The trend is alarming: sharp increases in illegal drugs flowing northward into the U.S. from Mexico. Since 2011, there has been a 50 percent increase in the volume of heroin seized by border officials, and a 105 percent increase in the volume of methamphetamine.
The drugs that evade detection go on to infect American communities. Two U.S. senators, West Virginia’s Shelley Moore Capito and Indiana’s Joe Donnelly, would like the federal government do more to stem the tide.
Capito, a Republican, and Donnelly, a Democrat, have introduced legislation that would help combat heroin and meth trafficking along the southern border.
“[W]e need to ensure our national drug policy reflects the increase of drugs crossing the U.S.-Mexico border,” said Capito. “We also need to equip our drug and law enforcement officers with the resources they need to fight back against this epidemic.”
The bill would require U.S. Customs and Border Protection report to Congress on what resources it needs to respond to the increased drug trafficking on the border, whether it be better technology or more personnel.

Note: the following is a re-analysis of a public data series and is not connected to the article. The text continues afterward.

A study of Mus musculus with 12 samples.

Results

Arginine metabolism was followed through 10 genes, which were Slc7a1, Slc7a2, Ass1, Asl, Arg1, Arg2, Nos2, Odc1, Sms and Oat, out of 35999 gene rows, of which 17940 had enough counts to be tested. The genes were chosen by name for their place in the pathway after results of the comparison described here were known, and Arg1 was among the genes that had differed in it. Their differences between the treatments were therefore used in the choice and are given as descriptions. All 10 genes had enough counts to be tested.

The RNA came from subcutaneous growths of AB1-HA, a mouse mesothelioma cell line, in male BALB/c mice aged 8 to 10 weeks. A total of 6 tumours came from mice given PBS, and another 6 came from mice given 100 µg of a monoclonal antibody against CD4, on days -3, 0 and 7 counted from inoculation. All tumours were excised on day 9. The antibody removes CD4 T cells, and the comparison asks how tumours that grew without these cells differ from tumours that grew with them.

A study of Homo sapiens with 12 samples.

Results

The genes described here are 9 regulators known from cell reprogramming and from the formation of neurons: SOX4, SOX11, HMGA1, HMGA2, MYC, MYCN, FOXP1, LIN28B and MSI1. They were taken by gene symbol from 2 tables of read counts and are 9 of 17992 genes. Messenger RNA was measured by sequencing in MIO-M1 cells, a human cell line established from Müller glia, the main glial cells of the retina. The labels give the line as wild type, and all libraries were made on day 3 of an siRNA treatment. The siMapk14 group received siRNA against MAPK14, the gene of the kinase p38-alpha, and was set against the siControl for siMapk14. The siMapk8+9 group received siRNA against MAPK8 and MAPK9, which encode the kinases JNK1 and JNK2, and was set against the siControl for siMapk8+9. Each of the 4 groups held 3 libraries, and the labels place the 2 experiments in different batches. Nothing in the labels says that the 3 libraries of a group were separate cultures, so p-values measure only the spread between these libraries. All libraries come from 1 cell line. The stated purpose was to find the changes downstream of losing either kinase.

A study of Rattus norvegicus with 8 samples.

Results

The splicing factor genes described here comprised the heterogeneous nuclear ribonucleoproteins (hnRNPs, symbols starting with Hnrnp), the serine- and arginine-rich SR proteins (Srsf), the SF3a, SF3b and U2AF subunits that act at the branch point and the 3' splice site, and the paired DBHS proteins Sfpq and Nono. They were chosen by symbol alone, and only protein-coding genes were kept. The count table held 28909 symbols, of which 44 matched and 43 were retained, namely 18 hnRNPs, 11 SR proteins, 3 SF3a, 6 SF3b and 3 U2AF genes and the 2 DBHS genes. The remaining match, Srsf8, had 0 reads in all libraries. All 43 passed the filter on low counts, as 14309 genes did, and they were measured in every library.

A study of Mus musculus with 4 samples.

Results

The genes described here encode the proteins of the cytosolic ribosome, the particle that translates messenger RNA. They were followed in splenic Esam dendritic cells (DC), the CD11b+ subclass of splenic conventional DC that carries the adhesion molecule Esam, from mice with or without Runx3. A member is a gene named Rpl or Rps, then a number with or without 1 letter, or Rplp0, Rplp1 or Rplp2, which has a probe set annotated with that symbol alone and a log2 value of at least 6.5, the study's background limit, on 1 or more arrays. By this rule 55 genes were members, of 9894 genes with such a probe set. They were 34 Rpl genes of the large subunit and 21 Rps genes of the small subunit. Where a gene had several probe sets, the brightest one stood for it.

Washington can then work to give our people on the border what they need to do their jobs more effectively.
In West Virginia and around the country, efforts to combat the drug epidemic are fought on two fronts. First, law enforcement tries to limit the supply of the illegal substances. Other leaders — educators, health workers, parents and policymakers — try to limit the demand.
It’s a two-pronged problem. As long as people are willing to pay for mind-altering substances, criminal enterprises will try to supply them. And the more ubiquitous drugs are in our communities, the harder it is to keep young people from falling prey to them.
As a state, we must continue efforts to limit the demand side of the equation, but there’s only so much we can do about the supply. Some states have tried making pseudoephedrine prescription-only to limit meth production. But those states have seen foreign drug cartels pick up the slack, pushing even more potent forms of meth.
West Virginia law enforcement isn’t equipped to fight Mexican drug cartels. The federal government is. Capito’s bill pushes federal law enforcement in a direction that will aid communities in West Virginia and elsewhere.